WASHINGTON — March U.S. home prices jumped by the most in more than seven years as an increasing number of would-be buyers compete for a dwindling supply of houses.
The March S&P CoreLogic Case-Shiller 20-city home price index, released Tuesday, rose 13.3% from a year earlier, the biggest gain since December 2013. That increase followed a surge of 12% in February.
The large gains suggest that the pandemic has spurred more Americans to seek out the extra room provided by a single-family home. Yet at the same time, COVID-19 has discouraged many homeowners from selling and opening up their homes to would-be buyers.
As a result, the number of homes for sale fell 21% in April compared with a year earlier, to just 1.16 million, near a record low on records dating back to 1982, according to the National Association of Realtors.
That has pushed buyers into a near-frenzy. Properties were on the market for just 17 days in April, and 88% of homes sold were on the market for less than a month, the NAR said.
The resulting bidding wars raised the price of the typical, or median, house to $341,600 last month, the NAR said, a record high.
Some of the year-over-year gain likely reflects slower sales and reduced demand a year ago at the onset of the pandemic. All 20 cities in the Case-Shiller index reported faster price gains in March than in February.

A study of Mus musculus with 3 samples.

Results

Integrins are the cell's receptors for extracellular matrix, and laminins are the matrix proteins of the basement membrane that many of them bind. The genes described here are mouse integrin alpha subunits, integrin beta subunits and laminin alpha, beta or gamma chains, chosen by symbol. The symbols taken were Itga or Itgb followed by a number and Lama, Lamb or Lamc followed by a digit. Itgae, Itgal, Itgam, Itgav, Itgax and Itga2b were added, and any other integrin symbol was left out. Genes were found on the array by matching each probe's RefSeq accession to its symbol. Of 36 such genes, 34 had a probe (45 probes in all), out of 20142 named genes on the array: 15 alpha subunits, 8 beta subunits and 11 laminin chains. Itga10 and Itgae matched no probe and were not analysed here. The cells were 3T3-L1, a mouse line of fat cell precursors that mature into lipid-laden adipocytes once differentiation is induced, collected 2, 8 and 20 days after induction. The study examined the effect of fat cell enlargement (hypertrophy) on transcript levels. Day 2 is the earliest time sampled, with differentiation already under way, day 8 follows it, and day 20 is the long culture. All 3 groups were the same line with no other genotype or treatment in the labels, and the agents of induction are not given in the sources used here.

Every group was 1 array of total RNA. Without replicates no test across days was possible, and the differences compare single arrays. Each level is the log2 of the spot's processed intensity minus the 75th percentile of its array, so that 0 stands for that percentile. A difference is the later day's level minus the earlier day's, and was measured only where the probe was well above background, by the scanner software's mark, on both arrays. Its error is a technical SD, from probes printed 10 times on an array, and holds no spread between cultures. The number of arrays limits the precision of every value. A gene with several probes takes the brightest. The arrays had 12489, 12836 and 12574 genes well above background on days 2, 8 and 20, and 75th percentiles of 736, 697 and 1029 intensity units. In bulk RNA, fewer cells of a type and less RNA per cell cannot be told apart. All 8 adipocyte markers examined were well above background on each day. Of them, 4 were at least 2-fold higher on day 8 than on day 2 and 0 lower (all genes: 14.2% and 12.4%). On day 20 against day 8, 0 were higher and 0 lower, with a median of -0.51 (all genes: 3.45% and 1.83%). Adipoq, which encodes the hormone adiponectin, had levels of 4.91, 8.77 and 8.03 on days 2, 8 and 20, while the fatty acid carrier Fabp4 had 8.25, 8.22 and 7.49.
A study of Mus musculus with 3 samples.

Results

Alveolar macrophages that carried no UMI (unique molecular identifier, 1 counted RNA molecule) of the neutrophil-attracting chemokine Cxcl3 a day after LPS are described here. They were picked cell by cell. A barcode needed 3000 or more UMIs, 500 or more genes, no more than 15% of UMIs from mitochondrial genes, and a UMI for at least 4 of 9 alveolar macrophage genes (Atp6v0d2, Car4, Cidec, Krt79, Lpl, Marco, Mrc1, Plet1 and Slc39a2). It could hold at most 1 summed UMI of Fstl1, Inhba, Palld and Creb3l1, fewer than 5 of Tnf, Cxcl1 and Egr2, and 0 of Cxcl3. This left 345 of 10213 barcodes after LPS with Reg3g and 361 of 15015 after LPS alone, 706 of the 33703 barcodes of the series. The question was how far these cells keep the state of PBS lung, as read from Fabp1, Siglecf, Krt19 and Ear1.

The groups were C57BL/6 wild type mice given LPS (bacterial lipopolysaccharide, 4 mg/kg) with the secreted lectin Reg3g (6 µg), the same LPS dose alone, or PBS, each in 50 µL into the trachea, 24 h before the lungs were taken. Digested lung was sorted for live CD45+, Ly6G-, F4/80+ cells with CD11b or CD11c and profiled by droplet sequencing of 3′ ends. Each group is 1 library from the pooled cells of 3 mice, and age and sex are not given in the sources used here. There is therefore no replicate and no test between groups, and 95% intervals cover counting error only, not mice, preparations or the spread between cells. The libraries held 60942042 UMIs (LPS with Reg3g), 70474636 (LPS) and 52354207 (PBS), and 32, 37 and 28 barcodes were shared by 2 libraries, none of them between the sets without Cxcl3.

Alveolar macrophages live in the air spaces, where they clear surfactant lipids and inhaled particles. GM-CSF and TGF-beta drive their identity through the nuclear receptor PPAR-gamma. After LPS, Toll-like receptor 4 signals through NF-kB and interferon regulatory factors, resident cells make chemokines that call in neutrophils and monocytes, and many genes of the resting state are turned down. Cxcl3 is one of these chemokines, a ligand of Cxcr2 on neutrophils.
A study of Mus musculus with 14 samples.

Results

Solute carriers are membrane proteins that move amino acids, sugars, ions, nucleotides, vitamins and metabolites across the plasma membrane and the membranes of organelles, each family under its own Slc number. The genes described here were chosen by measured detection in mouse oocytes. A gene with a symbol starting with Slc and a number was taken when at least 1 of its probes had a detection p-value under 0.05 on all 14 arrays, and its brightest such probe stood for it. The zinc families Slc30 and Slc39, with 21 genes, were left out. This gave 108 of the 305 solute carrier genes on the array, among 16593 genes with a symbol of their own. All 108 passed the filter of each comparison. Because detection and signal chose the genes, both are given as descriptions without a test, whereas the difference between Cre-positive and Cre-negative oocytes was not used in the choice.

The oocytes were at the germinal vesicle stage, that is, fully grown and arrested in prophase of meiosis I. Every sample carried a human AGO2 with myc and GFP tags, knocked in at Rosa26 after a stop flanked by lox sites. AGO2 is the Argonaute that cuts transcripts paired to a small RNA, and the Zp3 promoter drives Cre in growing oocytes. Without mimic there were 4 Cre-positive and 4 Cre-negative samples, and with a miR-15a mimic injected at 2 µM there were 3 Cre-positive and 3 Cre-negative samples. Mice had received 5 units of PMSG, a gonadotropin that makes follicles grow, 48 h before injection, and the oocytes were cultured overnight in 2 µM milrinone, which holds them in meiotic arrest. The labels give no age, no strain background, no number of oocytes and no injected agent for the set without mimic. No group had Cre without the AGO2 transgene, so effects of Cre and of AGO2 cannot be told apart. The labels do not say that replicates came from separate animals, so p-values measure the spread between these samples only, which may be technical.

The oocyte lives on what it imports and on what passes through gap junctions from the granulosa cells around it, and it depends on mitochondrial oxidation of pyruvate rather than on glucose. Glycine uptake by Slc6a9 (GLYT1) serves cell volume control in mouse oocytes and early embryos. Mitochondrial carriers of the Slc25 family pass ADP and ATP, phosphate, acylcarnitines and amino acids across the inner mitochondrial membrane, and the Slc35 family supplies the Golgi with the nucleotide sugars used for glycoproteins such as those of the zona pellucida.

The largest increase was in Phoenix for the 22nd straight month, where prices rose 20% compared with a year ago. San Diego saw the next largest gain, at 19.1%, followed by Seattle, with 18.3%.
The housing market has gotten so out of whack that nearly half of all homes are now selling for above the seller's asking price, according to real estate brokerage firm Redfin, the highest in the decade the company has tracked such data. That's up from roughly a quarter of sales in April 2019, the year before the pandemic.
Still, the market may cool off in the coming months. With vaccinations spreading and COVID-19 waning, more sellers may be willing to list their homes.
And Daryl Fairweather, chief economist at Redfin, said many Americans are likely to start spending more money on services, such as vacations, dining out, and other entertainment, and focus less on new homes.
The number of people signing contracts to buy homes dropped in May, and fewer people are applying for mortgages.
"At a certain point, buyers just back off and you get more stable price growth," Fairweather said. "I think this is the peak, but it's going to be hot for a long time. It's more like a plateau."